Frequently Asked Questions

Check to find the answers to your questions about the Agency for Healthcare Research and Quality (AHRQ) programs and activities. You can search by category or key words. You can also send us your questions or website feedback here. We will respond to your requests based on the best available scientific evidence and research from our Agency.

AHRQ cannot provide diagnoses or specific medical advice to individuals on their personal health conditions and situations.

Ask a question, report a problem, or give us your opinion about a specific AHRQ program.


For the Agency for Healthcare Research and Quality (AHRQ) T32s, tuition and fees are reimbursed at the level established in the baseline year of the grant's current 5-year competitive segment. You may not include requests for reimbursement of any escalations in tuition and fees in noncompeting continuation applications. Additional funds will not be awarded for this purpose.

"Expanded authorities" refer to a limited number of actions that normally require awarding agency prior approval but for which HHS has waived its authority and given this authority to the grantee.

For more information, go to the HHS Grants Policy Statement (PDF, 1.354 MB).

The Notice of Award will indicate whether or not your award is under expanded authorities.

The MEPS data files are posted on the MEPS website in PDF, HTML, and ASCII format, or as data files in ASCII format containing programming statements in SAS, STATA, and SPSS. Some files may be compressed ("exe" extension) or "zipped" ("zip" extension) to reduce downloading time.

The MEPS data release schedule is available on the MEPS website. While data release dates occasionally change from year to year, many of the data files and tables are released in the same month each year.

The U.S. Department of Health & Human Services (DHHS) is committed to improving the Nation's health care system. In recent years, many important changes have taken place in:

  • The ways people choose their providers of medical care.
  • The ways in which health care is paid for.
  • The Affordable Care Act (ACA).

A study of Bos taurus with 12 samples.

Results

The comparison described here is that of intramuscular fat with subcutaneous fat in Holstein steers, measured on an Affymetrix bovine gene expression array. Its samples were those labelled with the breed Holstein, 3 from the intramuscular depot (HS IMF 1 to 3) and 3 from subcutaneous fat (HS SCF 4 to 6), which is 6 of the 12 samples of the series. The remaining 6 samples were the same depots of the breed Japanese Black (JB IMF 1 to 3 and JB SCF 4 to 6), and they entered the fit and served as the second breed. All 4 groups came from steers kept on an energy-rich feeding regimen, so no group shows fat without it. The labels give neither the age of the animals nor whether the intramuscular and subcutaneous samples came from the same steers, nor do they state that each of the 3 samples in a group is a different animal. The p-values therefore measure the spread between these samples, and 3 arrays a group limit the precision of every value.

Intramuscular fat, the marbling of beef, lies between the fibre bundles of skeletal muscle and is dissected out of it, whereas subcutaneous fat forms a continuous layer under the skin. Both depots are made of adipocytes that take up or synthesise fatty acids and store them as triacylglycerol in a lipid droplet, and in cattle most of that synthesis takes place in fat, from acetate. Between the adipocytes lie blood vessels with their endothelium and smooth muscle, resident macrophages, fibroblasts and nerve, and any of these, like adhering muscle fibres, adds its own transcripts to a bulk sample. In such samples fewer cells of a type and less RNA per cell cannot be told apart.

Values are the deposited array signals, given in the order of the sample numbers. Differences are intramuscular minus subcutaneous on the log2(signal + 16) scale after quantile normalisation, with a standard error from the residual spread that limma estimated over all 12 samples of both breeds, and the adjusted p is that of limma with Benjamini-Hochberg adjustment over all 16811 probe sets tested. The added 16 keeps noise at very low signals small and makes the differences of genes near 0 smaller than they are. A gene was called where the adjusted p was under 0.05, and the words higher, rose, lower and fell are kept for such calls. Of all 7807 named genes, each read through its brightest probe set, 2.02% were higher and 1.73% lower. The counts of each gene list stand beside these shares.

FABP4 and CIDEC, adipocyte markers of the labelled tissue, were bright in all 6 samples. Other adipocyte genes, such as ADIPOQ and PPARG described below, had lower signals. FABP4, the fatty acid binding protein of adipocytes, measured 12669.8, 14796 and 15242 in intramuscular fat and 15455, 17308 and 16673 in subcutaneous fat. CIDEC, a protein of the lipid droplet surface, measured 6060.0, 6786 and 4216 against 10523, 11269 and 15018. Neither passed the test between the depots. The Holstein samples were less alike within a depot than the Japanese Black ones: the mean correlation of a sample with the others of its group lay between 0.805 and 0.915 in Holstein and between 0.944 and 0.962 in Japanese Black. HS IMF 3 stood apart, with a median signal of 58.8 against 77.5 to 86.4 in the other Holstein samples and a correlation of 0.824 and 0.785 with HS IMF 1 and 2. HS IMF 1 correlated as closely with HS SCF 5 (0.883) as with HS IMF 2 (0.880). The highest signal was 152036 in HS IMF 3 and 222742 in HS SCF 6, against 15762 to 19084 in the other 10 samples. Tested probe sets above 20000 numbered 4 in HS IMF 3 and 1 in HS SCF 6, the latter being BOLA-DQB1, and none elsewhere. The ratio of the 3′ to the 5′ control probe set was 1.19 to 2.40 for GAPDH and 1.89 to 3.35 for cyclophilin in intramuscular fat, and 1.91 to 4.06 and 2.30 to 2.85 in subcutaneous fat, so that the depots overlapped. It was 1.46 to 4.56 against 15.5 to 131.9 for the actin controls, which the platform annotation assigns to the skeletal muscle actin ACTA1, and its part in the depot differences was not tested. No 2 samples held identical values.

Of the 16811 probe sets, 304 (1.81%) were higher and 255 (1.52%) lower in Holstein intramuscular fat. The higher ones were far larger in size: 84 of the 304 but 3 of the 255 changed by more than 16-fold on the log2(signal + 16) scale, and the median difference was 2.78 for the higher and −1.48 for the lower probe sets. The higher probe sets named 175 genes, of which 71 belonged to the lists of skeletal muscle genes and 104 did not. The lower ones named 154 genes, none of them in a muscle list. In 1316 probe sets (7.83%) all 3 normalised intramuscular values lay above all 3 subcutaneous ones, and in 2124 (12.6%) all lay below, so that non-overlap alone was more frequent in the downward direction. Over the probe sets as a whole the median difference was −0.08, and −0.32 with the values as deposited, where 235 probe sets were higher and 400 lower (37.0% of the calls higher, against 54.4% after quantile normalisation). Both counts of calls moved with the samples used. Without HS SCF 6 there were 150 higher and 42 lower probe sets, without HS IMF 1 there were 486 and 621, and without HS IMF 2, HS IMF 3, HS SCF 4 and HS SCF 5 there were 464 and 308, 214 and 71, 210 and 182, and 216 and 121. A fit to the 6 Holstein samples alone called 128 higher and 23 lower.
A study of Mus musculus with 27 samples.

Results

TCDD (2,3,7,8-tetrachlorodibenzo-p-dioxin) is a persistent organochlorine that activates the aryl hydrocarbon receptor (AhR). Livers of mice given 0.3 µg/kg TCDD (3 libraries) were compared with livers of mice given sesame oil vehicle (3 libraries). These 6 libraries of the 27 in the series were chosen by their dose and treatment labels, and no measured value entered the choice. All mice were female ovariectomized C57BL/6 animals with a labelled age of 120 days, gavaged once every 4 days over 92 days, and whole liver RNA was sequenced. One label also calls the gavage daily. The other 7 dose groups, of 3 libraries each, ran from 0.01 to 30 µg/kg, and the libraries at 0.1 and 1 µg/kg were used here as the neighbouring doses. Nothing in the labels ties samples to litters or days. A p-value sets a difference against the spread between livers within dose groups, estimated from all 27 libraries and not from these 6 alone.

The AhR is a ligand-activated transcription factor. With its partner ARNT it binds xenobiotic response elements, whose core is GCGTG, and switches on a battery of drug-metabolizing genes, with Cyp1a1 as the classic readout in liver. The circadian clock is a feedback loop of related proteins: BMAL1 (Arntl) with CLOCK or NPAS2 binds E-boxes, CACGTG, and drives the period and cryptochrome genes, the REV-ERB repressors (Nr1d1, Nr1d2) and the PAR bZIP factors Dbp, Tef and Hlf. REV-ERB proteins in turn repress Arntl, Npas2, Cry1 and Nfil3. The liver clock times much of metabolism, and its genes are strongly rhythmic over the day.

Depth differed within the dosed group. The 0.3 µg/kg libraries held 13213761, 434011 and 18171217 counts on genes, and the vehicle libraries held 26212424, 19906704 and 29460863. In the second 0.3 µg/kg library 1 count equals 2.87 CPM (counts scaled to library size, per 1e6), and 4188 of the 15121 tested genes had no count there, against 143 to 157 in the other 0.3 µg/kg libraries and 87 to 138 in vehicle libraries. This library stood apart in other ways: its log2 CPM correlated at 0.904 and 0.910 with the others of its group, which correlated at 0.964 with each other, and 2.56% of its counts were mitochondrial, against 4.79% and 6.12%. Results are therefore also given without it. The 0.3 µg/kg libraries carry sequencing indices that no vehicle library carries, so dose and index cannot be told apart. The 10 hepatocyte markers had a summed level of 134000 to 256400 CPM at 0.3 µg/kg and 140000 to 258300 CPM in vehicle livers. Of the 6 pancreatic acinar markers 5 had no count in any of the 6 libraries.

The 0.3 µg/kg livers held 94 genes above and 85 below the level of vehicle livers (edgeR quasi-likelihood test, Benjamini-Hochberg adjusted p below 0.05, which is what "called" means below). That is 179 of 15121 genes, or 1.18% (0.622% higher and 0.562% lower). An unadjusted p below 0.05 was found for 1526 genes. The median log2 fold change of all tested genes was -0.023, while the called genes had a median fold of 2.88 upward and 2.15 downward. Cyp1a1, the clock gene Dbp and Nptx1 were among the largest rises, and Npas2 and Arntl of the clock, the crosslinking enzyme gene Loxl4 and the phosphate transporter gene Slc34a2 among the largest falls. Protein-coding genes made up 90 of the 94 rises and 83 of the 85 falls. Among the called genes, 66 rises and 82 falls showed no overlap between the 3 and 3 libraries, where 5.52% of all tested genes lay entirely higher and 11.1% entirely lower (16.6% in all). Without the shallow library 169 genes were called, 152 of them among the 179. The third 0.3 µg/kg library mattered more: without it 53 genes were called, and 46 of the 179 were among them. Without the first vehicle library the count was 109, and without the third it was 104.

• The kinds of health insurance plans available and the services covered by those plans.

These and other changes have created a critical need for continuous up-to-date information on the types of health care people obtain and how this care is paid for. MEPS is designed to provide this information to the public, the health care community, and leaders in government and the private sector.

Medical Expenditure Panel Survey (MEPS) data are used by a wide variety of researchers and policy analysts in both the private and public sectors. After individually identifying information has been removed, MEPS data are made available to researchers through an annual series of Public Use Files. The series includes files with data on health insurance coverage at a point-in-time, the use of health care services during the calendar year, and expenditures for health care during the calendar year. Additional files provide information on health care events, health conditions, employment characteristics, and other aspects of the MEPS household samples.

Staff at the Agency for Healthcare Research and Quality, the agency with primary responsibility for the project, provides a wide range of services to support users of MEPS data.

The Medical Expenditure Panel Survey (MEPS) is sponsored by the Agency for Healthcare Research and Quality (AHRQ) and the Centers for Disease Control and Prevention (CDC). Both organizations are part of the U.S. Public Health Service.

The MEPS Survey Background provides basic information on the surveys that preceded MEPS as well as information on when MEPS began, how data are collected, the different components of MEPS, the design of the survey, and availability of the survey data.

Data users who are new to MEPS should read the Data Overview to learn about what MEPS collects, and what is available online and in the AHRQ Data Center.

The HCUP databases are built from hospital administrative data (i.e., hospital billing records). The databases cover hospital inpatient care, outpatient emergency department care, and ambulatory surgery from hospital-owned facilities. Some State Ambulatory Surgery Databases (SASD) include ambulatory surgery data from facilities not owned by a hospital. HCUP does not include services provided in physician offices, and does not contain complete or reliable pharmacy, laboratory, pathology, or radiology information.

Ask a question, report a problem, or give us your opinion about a specific AHRQ program.